Alibaba Profit Lags Estimates on Tax as Sales Defy Slowdown

Updated on
  • Chinese e-commerce giant authorizes a $6 billion share buyback
  • Online consumption bucked the Chinese economy’s deceleration

Costs Bite Into Alibaba's Margins

Alibaba Group Holding Ltd.’s earnings lagged estimates after it swallowed a higher tax bill and splurged on the entertainment and cloud computing businesses that are fueling revenue growth. The shares dropped the most in almost a year.

China’s biggest e-commerce company posted adjusted earnings-per-share of 4.35 yuan, missing the 4.51 yuan average of estimates compiled by Bloomberg. That came even as revenue rose at a faster-than-expected 60 percent to 38.6 billion yuan ($5.6 billion).

While Chinese consumption remains strong, the world’s second largest economy showed signs of cooling as retail sales and industrial output growth sputtered in April with regulators cracking down on swelling financial leverage. Alibaba has expanded into new areas in response to the deceleration, buying control of Lazada Group SA to gain a Southeast Asian foothold and waging a price-based war with Tencent Holdings Ltd. in cloud computing services.

“The March quarter is usually a slow season for e-commerce so margins usually come down a bit,” said Ray Zhao, a Shenzhen-based analyst at Guotai Junan Securities Co. “Alibaba is spending a lot to drive growth in video and entertainment.”

The shares fell as much as 5.6 percent to $114 in New York, the biggest intraday drop since June. The stock was down 3.1 percent at 9:44 a.m.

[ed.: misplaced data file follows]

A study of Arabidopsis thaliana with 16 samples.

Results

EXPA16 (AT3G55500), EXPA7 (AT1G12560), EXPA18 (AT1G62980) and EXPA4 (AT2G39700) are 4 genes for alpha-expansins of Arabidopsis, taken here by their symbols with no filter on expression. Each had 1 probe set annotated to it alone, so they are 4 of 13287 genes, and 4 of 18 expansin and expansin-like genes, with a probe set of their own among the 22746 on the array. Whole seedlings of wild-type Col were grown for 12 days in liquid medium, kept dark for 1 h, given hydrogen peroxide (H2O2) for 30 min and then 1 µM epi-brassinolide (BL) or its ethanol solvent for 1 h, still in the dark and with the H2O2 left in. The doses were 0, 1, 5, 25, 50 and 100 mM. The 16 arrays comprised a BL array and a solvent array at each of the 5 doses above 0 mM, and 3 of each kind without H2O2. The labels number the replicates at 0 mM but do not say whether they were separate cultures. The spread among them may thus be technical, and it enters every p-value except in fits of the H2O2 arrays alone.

It’s also trying to appeal to a growing middle class demanding premium products from Alaskan salmon to New Zealand milk. Growing Chinese affluence is propelling billionaire founder Jack Ma’s international expansion, which include helping a million American businesses tap Chinese consumers and reaching foreign shoppers through AliExpress.

Income tax expenses soared 149 percent to 4.6 billion yuan in the March quarter. Its effective tax rate climbed to 29 percent from 23 percent a year earlier, when the company set aside a portion of its earnings as non-taxable reinvestment capital. Alibaba said it also incurred additional taxes from the sale of certain unspecified investments. The company Thursday green-lit a $6 billion share buyback program over two years.

The strength of its e-commerce business is helping Alibaba weather losses in newer businesses of cloud computing and digital entertainment. While revenue in those nascent divisions is surging, they are yet to make money and costs are soaring as Tencent and Baidu Inc. vie with Alibaba for licensed content.

“Over time the market will become more rational, although in the near term there’s still going to be pretty fierce competition,” Vice Chairman Joseph Tsai told analysts on a conference call. Alibaba is “working with talent and directors on proprietary content, so over time the cost should come down.”

Core commerce revenue surged 47 percent to 31.57 billion yuan with the business delivering operating income of 16.5 billion yuan, the company said.

While cloud unit revenue doubled in the March quarter to 2.2 billion yuan, the business had an operating loss of 505 million yuan as it slashes prices to snatch market share from Inc. and Tencent. It’s ratcheting up the division to support billions of dollars in daily transactions, help merchants target shoppers, and anchor fast-growing video streaming.

“Discount offers are necessary to expand Alibaba’s cloud market share,” Ella Ji, an analyst at China Renaissance Securities U.S. Inc. wrote in an April report. Alibaba will need “further spending to fill out its original content offerings.”

Revenue from digital entertainment more than tripled to 3.9 billion yuan with an operating loss of 2.6 billion yuan as it spends on content for video site Youku Tudou and other platforms. Losses in digital entertainment should narrow this year, Chief Financial Officer Maggie Wu said.

— With assistance by David Ramli, and Selina Wang

(Updates with shares in the fifth paragraph.)